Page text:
Glen Alps Trailhead

“Sunny today, high of 69 degrees.  Tonight, sunny, high of 45.”  - Weather report for June 23, 2000.

During the long, long days of summer, it has become a tradition to hike Flattop mountain and camp on the summit.  In fact, on the Saturday either preceding or following summer solstice the top of the mountain begins to resemble a refugee camp.  Please understand, soaking sun all day and all night is a necessity for those of us who spend our winters up here.  Just under our shoulder blades, Alaskans have a special organ that stores up sunlight so that we can survive the winters!

When spending time in Anchorage there are some things that ought to be on everybody’s checklist.  One of those will surely be spending time in the Chugach State Park, which surrounds the city to the east.  There are a number of entry points into this park.  Glen Alps provides an ideal place to start for all levels of hikers. 

To find Glen Alps, head out of downtown on Minnesota (L Street) or New Seward (Gambell) south.  Minnesota will become O’Malley and the New Seward will have an exit for O’Malley Road.  Head east toward the mountains on O’Malley.  From here, brown and white park signs will help guide you to Glen Alps.  Just before O’Malley ends make a right turn on Hillside Drive.  Follow Hillside south and turn left on Upper Huffman.  When Huffman forks, turn right on Toilsome Hill.  This road will twist and wind up the hills for about two miles.  The Glen Alps parking lot will be on the left side of the road.

This is a fee area and costs $5.00 per day to park.  There are toilets here.  But what you are really looking for are the trailheads...

Anchorage Overlook Trail (Easy)

 For an easy quick hike, the Anchorage overlook trail brings great views, with a minimum of effort. The trail begins at the northeast end of the parking lot, over by the toilets.  This trail is paved and is only a quarter mile to the observation deck.  If you have small children in strollers, this trail should be no problem to roll along.   From the observation deck, one can see most of the greater Anchorage area.  The municipality as a whole includes Eagle River and Girdwood, which cannot be seen due to the Chugach Mountain Range.  But one thing I appreciate about Anchorage is that it has not become a “concrete jungle”.  Except for the downtown skyline, there are enough trees to obscure the view of most of the city.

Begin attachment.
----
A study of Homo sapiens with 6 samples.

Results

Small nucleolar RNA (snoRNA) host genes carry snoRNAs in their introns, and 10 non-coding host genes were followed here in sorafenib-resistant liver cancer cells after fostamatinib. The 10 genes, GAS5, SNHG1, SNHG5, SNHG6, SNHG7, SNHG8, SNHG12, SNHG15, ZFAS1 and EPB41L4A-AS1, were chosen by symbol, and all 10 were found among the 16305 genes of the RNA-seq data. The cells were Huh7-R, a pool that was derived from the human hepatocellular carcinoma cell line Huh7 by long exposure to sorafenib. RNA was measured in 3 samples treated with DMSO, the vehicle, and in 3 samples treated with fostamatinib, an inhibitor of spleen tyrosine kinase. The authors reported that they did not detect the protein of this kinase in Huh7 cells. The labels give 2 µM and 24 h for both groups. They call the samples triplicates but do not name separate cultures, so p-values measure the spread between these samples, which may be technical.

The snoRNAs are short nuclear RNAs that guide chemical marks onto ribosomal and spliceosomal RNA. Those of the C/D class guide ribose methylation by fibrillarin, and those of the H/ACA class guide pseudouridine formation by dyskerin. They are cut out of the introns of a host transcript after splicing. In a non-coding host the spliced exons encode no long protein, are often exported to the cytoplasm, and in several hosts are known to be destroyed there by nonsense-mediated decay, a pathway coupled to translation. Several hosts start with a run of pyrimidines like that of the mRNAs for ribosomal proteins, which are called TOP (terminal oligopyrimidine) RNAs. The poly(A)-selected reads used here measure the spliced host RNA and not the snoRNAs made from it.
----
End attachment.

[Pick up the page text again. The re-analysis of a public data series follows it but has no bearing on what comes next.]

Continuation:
Blueberry Loop/Flat Top (Moderate/Difficult)

This trail will get you up to where you want to be!  Find it at the southeast corner of the parking lot.  It begins as a flight of stairs heading up toward the mountain.  Blueberry Loop trail is a fairly easy path, and it is very well maintained.  The initial assent is steep, and I find myself out of breath by the time I reach the point at which it levels off.  You will pass right up through tree line where even though the trees are ancient, they only stand about five to seven feet tall.  Before continuing on, if you are a geocacher, be sure to find Romancing Alaska's Frog Cache located at N61 06.155 W149 40.828 at elevation 2295.

If you decide to stay on the blueberry trail, there is little elevation gain or loss until one starts the decent back down.  Eventually there will be a fork in the trail.  Blueberry Loop will continue on around the hill to the left, and Flattop trail will climb to the right. 

Flattop is a tougher and more risky trail.  There have been deaths along this trail as there will be places where stepping too close to the edge of a sheer cliff could mean a drop of anywhere from twenty to several hundred feet.  I do not recommend bringing small children up this trail.  Flattop trail is fairly well maintained, but erosion and subsidence coupled with its steepness make it difficult in spots.  Claimjumper and I carried our packs up for an overnight stay and this made the trail even more challenging.  The trail brings adventurers up two saddles before winding through a rock field.  The trail through the rock field has been cleared and is relatively easy.  The most difficult part of the climb comes at the end of the trail, near the top of the mountain.  From here, the trail is marked only by orange spots that have been painted onto the places where the hand and footholds are most safe.  And you will use both hands and feet.

The top of the mountain is amazing!  It is a big square area with views of Anchorage on the west side, and views of the surrounding mountains and valleys to the north, east and south.  All of the sides have steep cliffs, so you will need to be very careful not to let children or pets out of you immediate reach.  Mountain goats can be found this high from time to time.  One family of goats even came right up to me during one trip.  I held out my hand and poured some of my water into it.  Two of the goats drank right out of my hand!  The top of the mountain is quite chilly.  A wind breaker is a must, but we also carry polar fleece to slip on to keep us from cooling too quickly.

When you are ready to descend again, the wooden marker that you passed at the top marks the beginning of the safest route down.  Again, keep looking for the orange dots to guide you.

 If you decide to camp out overnight, there is a large, relatively flat area that can be used to stake down your tent in the middle of the top.  And stake down you must!  The winds at the top can come without warning and they are very strong.  Even though we had staked down fairly well on a windless evening, by morning the winds were so strong that all but one of the stakes had been pulled up.